Jacob Sullum on

The celebration of Easter this week was conspicuously constrained by government policies aimed at limiting the spread of COVID-19, which affected travel, family gatherings and church services throughout the country. But in an encouraging sign that the Constitution still means something in these extraordinary times, one of those policies was defeated by the First Amendment's guarantee of religious freedom.

On Saturday, a federal judge issued a temporary restraining order against Louisville, Kentucky, Mayor Greg Fischer, who had unilaterally banned drive-in Easter services, even when they complied with social distancing rules. "On Holy Thursday, an American mayor criminalized the communal celebration of Easter," U.S. District Judge Justin Walker wrote. "The Mayor's decision is stunning. And it is, 'beyond all reason,' unconstitutional."

Walker's decision allowed On Fire Christian Center to proceed with its plan for an Easter service in the church's parking lot. The plan, as described by Walker, required congregants to remain in their cars, parked at least six feet apart "with windows no more than half open for the entirety of the service," led by a pastor standing outside "at a distance from the cars."

Those precautions should have been enough to address legitimate concerns about virus transmission. But they did not satisfy Fischer, who last Friday decreed that drive-in services would not be allowed and said Louisville police would enforce his ban by recording the license plate numbers of violators and reporting them to the city's public health department.

As it happens, this week marks the 30th anniversary of a decision in which the Supreme Court said the First Amendment does not relieve Americans of the duty to obey a "neutral, generally applicable law" that prohibits religiously motivated conduct. That case involved the Native American Church's ritual use of peyote, which the Court said Oregon could constitutionally ban under a general law prohibiting drug possession.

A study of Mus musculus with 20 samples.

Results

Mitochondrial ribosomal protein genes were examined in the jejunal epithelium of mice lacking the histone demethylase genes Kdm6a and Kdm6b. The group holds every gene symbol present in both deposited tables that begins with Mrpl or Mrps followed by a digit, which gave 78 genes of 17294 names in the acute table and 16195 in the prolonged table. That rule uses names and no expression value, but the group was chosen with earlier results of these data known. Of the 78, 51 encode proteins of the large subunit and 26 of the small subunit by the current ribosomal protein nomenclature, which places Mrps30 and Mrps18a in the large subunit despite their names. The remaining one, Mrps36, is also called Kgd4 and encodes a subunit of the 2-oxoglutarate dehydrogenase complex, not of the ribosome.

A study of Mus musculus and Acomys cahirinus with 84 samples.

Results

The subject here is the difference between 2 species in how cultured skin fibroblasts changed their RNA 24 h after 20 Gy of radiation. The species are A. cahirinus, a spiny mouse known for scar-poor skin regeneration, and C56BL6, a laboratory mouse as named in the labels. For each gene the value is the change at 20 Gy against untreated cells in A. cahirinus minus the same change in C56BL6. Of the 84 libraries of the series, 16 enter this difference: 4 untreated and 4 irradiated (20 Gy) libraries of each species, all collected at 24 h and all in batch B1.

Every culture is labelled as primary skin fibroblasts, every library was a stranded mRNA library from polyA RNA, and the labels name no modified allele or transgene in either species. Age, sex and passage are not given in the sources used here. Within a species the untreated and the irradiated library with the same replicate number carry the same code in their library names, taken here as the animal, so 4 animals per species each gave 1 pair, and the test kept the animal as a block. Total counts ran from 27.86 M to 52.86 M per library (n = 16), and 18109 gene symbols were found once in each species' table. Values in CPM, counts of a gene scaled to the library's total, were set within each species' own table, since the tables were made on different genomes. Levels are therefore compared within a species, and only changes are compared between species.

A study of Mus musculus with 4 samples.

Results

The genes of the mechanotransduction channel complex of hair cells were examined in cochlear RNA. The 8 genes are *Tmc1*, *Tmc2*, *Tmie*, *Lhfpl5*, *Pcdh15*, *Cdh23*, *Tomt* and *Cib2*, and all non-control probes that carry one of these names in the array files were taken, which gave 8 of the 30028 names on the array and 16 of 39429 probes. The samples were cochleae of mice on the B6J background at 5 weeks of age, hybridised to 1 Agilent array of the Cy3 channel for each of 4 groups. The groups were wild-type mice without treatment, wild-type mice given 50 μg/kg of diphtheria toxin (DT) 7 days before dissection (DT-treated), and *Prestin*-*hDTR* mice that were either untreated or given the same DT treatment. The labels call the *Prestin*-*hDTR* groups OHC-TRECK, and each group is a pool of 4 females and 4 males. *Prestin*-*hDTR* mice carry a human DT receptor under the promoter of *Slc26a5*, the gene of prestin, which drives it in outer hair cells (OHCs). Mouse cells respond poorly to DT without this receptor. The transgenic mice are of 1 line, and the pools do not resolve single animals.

But as the Court made clear three years later, when it overturned a ban on ritual animal sacrifice that Hialeah, Florida, enacted in response to the establishment of a new Santeria church, a law can be neutral and generally applicable on its face but religiously discriminatory in practice, which makes it inconsistent with the First Amendment. Fischer's ban on drive-in Easter services, which was ostensibly a disease control measure but explicitly targeted Christian churches, was neither neutral nor generally applicable.

As Walker pointed out, Louisville allows "drive-through restaurants and liquor stores," and it has not imposed any general restrictions on cars in parking lots. The disparate treatment illustrates the arbitrary distinctions drawn by many lockdown orders. "If beer is 'essential,'" Walker suggested, "so is Easter."

A policy that applies specifically to religious activities, the judge said, is subject to "the most rigorous of scrutiny." That means the policy must be "narrowly tailored" to achieve a "compelling" government interest.

 

Walker concluded that Fischer's edict was "not even close" to satisfying that test. It would be even harder for the ban to pass muster under Kentucky's Religious Freedom Restoration Act, which prohibits any legal restriction that "substantially burden(s)" religious freedom unless the government can show by "clear and convincing evidence" that the policy is "the least restrictive means" to further a compelling interest.

The same constitutional analysis would apply to Greenville, Mississippi, Mayor Errick Simmons' campaign against drive-in churchgoers there, who on Sunday received $500 citations. Simmons now says those fines will not be collected.

Bans on regular church services, imposed as part of broad rules against large public gatherings, present different issues, given their general applicability and the increased risk of virus transmission in such situations. But they still might be vulnerable under state laws like Kentucky's, depending on the precautions churches are prepared to take.

In the meantime, Walker's decision gives hope to those of us who worry that politicians are too quick to sacrifice civil liberties on the altar of public health. Although "the COVID-19 pandemic has upended every aspect of our lives," he declared, "constitutional rights still exist."